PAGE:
Your car's distributor is nothing to play around with. It uses a shaft, synced to the engine’s RPMs, and
sends a charge to each individual spark plug in a prescribed sequence -- and it
works by way of high voltage.
Many newer vehicles may not have ignition distributors. They rely instead on
a design that produces a charge at the spark plug itself, meaning there is no need for a connection by plug wires to
a central distributor. The timing of the firing of each plug is controlled by the engine control unit (ECU).
With your vehicle, you might be looking for a replacement because you've noticed that the surface of your distributor
cap is worn or cracked, or you've found the internal contact points and distributor rotor are showing some wear.
You may have also tested the remote ends of your plug wires and found that they
are not firing. Other symptoms that might indicate an issue with the distributor rotor or any other component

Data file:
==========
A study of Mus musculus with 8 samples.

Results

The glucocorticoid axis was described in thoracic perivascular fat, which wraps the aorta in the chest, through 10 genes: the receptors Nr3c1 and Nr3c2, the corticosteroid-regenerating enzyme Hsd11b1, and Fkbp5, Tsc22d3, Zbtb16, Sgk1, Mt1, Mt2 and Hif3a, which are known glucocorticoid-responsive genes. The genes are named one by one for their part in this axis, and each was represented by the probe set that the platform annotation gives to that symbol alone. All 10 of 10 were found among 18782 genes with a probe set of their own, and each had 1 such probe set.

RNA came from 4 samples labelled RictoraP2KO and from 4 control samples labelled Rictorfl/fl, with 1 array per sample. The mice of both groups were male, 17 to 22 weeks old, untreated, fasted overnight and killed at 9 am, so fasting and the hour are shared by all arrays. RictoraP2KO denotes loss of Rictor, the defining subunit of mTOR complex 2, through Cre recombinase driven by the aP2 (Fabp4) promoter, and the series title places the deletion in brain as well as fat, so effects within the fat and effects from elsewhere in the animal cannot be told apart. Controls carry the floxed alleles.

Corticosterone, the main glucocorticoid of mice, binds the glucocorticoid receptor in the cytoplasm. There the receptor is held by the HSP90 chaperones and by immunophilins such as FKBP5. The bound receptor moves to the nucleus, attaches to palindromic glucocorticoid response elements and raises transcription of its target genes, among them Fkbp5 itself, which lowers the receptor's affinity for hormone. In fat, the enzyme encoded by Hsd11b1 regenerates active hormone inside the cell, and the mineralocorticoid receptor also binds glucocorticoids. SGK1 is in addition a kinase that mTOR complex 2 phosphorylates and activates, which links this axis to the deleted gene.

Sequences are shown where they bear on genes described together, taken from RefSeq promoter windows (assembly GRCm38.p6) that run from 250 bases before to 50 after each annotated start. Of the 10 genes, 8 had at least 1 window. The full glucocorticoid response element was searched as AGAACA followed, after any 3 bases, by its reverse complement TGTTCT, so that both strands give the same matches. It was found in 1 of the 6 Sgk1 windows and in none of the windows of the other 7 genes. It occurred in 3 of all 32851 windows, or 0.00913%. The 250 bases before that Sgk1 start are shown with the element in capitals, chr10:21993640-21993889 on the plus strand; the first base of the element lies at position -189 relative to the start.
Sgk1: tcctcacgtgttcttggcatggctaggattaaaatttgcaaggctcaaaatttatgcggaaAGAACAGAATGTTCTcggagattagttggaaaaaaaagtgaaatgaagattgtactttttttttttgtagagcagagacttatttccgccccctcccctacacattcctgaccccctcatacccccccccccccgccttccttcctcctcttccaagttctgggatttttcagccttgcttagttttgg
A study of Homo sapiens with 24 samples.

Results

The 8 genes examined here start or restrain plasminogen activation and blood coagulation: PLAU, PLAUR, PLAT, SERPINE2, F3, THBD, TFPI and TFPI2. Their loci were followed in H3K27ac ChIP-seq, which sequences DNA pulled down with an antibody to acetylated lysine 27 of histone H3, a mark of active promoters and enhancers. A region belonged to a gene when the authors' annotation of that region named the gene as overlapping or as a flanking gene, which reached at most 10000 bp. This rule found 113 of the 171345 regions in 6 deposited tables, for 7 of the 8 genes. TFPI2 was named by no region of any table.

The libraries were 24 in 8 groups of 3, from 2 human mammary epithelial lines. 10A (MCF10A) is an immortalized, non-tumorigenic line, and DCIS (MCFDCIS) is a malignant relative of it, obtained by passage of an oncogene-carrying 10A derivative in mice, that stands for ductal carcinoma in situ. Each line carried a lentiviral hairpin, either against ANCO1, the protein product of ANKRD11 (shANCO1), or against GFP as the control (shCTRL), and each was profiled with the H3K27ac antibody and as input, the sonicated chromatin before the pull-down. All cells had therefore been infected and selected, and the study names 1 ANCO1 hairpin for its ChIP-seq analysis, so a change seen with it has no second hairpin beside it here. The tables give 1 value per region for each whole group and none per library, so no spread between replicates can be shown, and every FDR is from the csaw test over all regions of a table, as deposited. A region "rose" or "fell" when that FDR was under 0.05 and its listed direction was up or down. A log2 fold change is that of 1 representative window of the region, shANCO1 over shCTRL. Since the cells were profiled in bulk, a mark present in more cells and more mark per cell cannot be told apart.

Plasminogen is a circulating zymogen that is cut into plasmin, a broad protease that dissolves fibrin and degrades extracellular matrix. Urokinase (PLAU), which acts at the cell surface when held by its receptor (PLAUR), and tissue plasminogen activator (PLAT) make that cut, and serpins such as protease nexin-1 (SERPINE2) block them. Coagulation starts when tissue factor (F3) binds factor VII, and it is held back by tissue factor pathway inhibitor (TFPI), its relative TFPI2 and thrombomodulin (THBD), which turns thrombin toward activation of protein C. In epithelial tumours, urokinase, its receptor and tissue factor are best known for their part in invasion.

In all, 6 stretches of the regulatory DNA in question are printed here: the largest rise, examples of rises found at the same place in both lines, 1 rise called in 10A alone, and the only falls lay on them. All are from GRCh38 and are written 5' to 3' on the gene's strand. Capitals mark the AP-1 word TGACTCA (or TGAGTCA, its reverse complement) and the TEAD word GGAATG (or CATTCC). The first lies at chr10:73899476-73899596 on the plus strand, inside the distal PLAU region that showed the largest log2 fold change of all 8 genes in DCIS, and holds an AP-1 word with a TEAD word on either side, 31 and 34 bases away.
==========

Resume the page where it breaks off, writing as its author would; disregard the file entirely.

of the system include misfiring, roughness, backfiring and a Check Engine light. In any case, you need to switch out
old for new to keep your vehicle moving. This is a job that you can tackle yourself with the help of some online how-to
guides or videos.
If you're doing it yourself, be sure to clearly mark each plug wire such that you will return it to the same point on your
new distributor, and only remove one plug wire at a time from the old one. If you replace the spark plug wires
too, be sure to match each plug wire against the old one to make sure of the precise, correct length. Make sure you're
careful with this part – switching plug wires will throw off the ignition order.
We carry hundreds of electrical distributors for all makes and models, including yours. Use our online search engine
to find new and remanufactured parts from many manufacturers, including AC Delco, Bosch, Cardone and Edelbrock. You can
also check part compatibility with your car.